Trump's Job Approval Among White Evangelicals Drops 17 Points, Pew Poll Finds
White evangelicals' approval of the way Donald Trump is handling the presidency has decreased significantly since February, a recent survey from the Pew Research Center suggests.
Between Nov. 29 and Dec. 4, Pew interviewed a total of 1,503 adults from all 50 states about their thoughts on Trump in a sample that represents the general public, not likely voters.
The organization found that Trump's approval rating has continued to slip during the course of his first year in office.
When asked if they "approve or disapprove" of "the way Donald Trump is handing his job as president," only 32 percent of total respondents said that they approved of Trump's job handling. Meanwhile, 63 percent of respondents said that they disapprove of the way Trump is handling the presidency.
By comparison, 39 percent of respondents from a Pew survey in June said that they approved of the way Trump was handling the presidency through the five months in office, while 55 percent of respondents said that they disapproved.
According to Pew, there has been an across-the-board decrease in Trump's approval rating, with most social demographics experiencing a decline in their approval of the way Trump is handling the office since February, including an eight-percentage-point drop in approval from Republicans.
The demographic where the decrease in approval for Trump's handling of the presidency is most noticeable is among white evangelical Protestants, a group that proved to be a core voting bloc for Trump in the 2016. Exit polls from the 2016 general election indicate that over eight out of 10 white evangelicals and white born-again Christians voted for the billionaire real estate mogul.
Although the Trump administration has given some conservative evangelicals much to cheer about through judicial nominations, pro-life policy initiatives and orders to protect religious freedom, only 61 percent of white evangelicals surveyed by Pew for the December survey said that they approved of Trump's handling of the presidency.
According to Pew, the 61 percent approval among white evangelicals represents a 17-percentage-point decline from the 78 percent of white evangelicals who said they approved of Trump's handling of the office when surveyed in the February.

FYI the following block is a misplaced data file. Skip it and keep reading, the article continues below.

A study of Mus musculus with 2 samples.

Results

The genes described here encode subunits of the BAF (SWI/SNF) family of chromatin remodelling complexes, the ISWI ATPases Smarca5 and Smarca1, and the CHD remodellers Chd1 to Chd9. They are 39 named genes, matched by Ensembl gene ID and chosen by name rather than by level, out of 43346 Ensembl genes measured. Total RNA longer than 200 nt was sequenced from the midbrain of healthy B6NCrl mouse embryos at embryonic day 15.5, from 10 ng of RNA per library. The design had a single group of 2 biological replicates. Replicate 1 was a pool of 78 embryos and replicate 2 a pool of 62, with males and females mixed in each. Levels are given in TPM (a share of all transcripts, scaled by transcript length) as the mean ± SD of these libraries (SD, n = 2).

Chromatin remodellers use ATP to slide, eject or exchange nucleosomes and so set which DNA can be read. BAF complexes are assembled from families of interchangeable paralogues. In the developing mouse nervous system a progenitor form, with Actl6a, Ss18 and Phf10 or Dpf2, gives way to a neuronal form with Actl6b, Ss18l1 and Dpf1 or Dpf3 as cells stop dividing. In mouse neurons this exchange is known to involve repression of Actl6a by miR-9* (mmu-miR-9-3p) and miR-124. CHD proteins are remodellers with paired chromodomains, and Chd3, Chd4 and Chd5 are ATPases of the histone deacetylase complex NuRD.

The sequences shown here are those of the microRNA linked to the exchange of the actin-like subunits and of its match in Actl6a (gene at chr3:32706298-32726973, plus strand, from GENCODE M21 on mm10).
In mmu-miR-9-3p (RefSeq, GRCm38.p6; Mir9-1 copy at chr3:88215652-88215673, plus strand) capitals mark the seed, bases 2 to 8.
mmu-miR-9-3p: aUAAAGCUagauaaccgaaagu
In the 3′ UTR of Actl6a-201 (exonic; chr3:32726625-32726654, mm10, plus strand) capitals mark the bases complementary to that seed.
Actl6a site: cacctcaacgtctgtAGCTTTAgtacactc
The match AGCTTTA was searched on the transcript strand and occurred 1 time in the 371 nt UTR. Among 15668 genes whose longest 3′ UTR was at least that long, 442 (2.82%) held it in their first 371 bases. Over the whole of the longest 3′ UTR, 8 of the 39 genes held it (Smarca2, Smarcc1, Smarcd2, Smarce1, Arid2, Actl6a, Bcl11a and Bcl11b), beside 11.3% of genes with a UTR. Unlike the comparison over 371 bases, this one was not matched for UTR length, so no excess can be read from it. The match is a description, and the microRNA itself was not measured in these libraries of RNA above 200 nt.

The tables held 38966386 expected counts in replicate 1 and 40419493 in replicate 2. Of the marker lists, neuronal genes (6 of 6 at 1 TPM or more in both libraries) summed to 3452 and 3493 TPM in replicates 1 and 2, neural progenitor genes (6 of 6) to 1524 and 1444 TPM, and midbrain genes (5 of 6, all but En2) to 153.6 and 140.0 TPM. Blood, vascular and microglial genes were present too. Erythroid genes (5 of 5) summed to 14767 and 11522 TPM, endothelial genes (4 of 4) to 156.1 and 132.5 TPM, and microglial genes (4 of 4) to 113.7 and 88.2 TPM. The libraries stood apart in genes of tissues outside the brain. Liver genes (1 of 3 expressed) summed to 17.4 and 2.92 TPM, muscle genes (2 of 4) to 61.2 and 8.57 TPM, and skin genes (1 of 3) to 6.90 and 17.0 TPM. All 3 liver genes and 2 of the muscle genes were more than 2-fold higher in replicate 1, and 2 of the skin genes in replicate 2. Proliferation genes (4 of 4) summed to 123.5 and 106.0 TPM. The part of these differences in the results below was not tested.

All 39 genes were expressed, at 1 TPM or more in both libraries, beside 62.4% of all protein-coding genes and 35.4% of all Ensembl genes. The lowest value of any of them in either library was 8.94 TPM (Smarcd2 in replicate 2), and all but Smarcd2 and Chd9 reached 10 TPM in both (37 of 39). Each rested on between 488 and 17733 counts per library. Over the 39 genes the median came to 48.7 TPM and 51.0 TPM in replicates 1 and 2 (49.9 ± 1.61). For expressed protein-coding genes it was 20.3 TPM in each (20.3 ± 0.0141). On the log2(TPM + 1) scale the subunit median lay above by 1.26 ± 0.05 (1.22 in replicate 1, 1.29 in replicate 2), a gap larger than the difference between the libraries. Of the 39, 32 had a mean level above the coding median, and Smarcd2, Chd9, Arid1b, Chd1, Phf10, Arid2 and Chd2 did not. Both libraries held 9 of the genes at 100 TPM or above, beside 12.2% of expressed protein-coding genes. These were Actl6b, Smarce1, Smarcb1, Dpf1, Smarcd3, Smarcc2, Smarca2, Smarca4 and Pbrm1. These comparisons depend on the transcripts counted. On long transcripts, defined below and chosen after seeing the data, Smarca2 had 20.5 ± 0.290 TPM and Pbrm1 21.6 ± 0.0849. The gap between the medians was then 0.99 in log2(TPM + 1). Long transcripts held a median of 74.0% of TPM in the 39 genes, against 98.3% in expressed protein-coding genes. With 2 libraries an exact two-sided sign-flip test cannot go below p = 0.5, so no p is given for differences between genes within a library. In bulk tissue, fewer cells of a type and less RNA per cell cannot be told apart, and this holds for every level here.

The release of the December Pew data comes after the Public Religion Research Institute released data last week showing that among 351 white evangelicals surveyed between Oct. 8-30, 72 percent say that they "approve" of the job Trump is doing as president.
The PRRI data also showed that over 4 in 10 white evangelicals consider themselves "weak" Trump supporters who could still lose their support of Trump. Meanwhile, the PRRI data found that only 3 out of 10 white evangelicals were "strong" Trump supporters who answered that "there's almost nothing President Trump could do to lose my approval."
"What struck me is that Trump supposedly got 81 percent of the white evangelical vote and he now has 72 percent approval, which means that white evangelicals are still tracking roughly what they voted," Henry Olsen, a senior fellow at the Ethics and Public Policy Center, told The Christian Post in an interview last week after the release of the PRRI data.
"That suggests to me that if you looked at the Trump-backers among white evangelicals that he would have closer to 40 or 45 percent of 'strong' support. ... I don't have historical data to fall back on ... but that would make sense in the sense that there are people even among supporters of Trump [that recognize] that there is something that they are not 100 percent on [about Trump]. [Maybe] his behavior causes them to pull back."
According to Pew, there was also a noticeable decline in approval for Trump's handling of the presidency among Catholics. The December poll shows that just 26 percent of Catholics approve of the way Trump is handling the job, a 10-percentage-point decrease from the 36 percent of Catholics who said they approved in February.
The approval of Trump's handling of the presidency is now even more miniscule among black Protestants than it was February, declining from 12 percent approval to just 7 percent saying they approve of the way Trump is handling the job.
As for white Mainline Protestants, their approval of Trump's handling of the presidency dropped the least among the religious subgroups in the Pew survey — falling from a 49 percent approval to just 46 percent.
White people were another key voting bloc for Trump in the 2016 election. However, approval of the way Trump is handling the presidency among whites has fallen from 49 percent in February to just 41 percent in December.
Even approval among white non-college graduates has fallen from 56 percent in February to 46 percent in December. According to exit polls from last November's election, 66 percent of white non-college graduates voted for Trump.